You may have read about some of the new studies looking at how Social Rejection can lead to increased aggression.
According to the Science Daily article:
People who feel socially rejected are more likely to see others’ actions as hostile and are more likely to behave in hurtful ways toward people they have never even met, according to a new study.
A full report of the study appears in the January issue of the Journal of Personality and Social Psychology, published by the American Psychological Association. DeWall conducted four separate experiments with 190 participants, all college students.
In one of the experiments, the participants did not experience any actual social rejection, instead they experienced the expectation of social rejection:
In one experiment, 30 participants completed a personality test and were given bogus feedback about the results. A third of the participants, the excluded group, were told their personalities would mean they would probably end up alone later in life. The rest of the participants, the control group, were either told they would have many lasting and meaningful relationships or were given no feedback at all.
All participants were then instructed to read a personal essay supposedly written by another participant, whom they did not know. The essay was about an event in which the author’s actions could be perceived as either assertive or hostile and the participants rated their impression of the author’s actions. They were also told that the author was up for a research assistant position and were asked whether they thought the author would be a good candidate, based on what they had read.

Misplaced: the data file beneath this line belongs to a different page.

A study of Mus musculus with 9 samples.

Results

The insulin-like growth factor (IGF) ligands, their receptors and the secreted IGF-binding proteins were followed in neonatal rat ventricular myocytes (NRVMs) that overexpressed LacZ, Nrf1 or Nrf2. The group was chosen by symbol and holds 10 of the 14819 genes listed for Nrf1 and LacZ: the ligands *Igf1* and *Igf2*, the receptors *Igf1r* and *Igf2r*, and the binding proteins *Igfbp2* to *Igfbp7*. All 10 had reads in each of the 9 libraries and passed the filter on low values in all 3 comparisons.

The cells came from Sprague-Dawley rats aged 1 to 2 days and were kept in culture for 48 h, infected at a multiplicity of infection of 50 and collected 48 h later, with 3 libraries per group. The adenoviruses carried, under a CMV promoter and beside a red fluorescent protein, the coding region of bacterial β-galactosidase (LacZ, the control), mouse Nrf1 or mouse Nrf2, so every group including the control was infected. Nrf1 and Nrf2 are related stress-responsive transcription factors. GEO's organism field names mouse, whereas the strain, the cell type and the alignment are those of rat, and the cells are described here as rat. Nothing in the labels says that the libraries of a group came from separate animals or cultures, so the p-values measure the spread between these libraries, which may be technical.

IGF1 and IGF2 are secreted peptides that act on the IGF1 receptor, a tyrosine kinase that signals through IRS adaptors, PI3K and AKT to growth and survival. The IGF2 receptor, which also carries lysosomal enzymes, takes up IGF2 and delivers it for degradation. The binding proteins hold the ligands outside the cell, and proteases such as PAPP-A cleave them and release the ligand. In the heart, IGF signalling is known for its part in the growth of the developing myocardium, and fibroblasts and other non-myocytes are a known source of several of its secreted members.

Participants who were told they were going to have a lonely life perceived the author’s actions as significantly more hostile and gave a much more negative evaluation than those in the control groups.
Kate Harding of Salon.com had a very interesting take on this:
Obviously, in real life, that expectation often develops as the result of experiencing direct rejection, but what about all the indirect forms of rejection? How does being told by advertisers and the media that you’re not white enough, not rich enough, not thin enough, not hetero enough, not masculine enough, not able-bodied enough, not healthy enough, not educated enough, etc. — not to mention rarely seeing positive public representations of people like you — affect your expectation of social acceptance, regardless of how well-liked you are by your peers? It seems to me that this study suggests being told you’re categorically unlikable for some arbitrary reason can do damage just as surely as not being liked. (One assumes that not everyone sorted into the “lonely” group actually had trouble forming and maintaining healthy relationships outside the lab.) And I mean, on the one hand, duh — being told you’re unlikable isn’t anybody’s idea of a good time. But on the other hand, it’s striking to see how merely hearing a negative prediction about your social future from one complete stranger can take an immediate toll. Given how many different types of people are repeatedly subjected to messages that they don’t measure up, how many products are sold by whipping up people’s fear of loneliness, it’s kind of a wonder we’re not all walking around punching strangers in the face.
Talk about a negative spiral. The more people have the expectation of social rejection, the more likely they themselves are to actually socially reject someone else. Increased social rejection leading to more, social rejection, and round and round it goes.
Another point is that with the ascendancy of TV, there is less and less social interaction. Before TV there was plenty of social rejection, but at least it was balanced by plenty of positive social interaction (i.e. friends, family and community).
It’s not surprising that so many people are now succumbing to anger and meanness.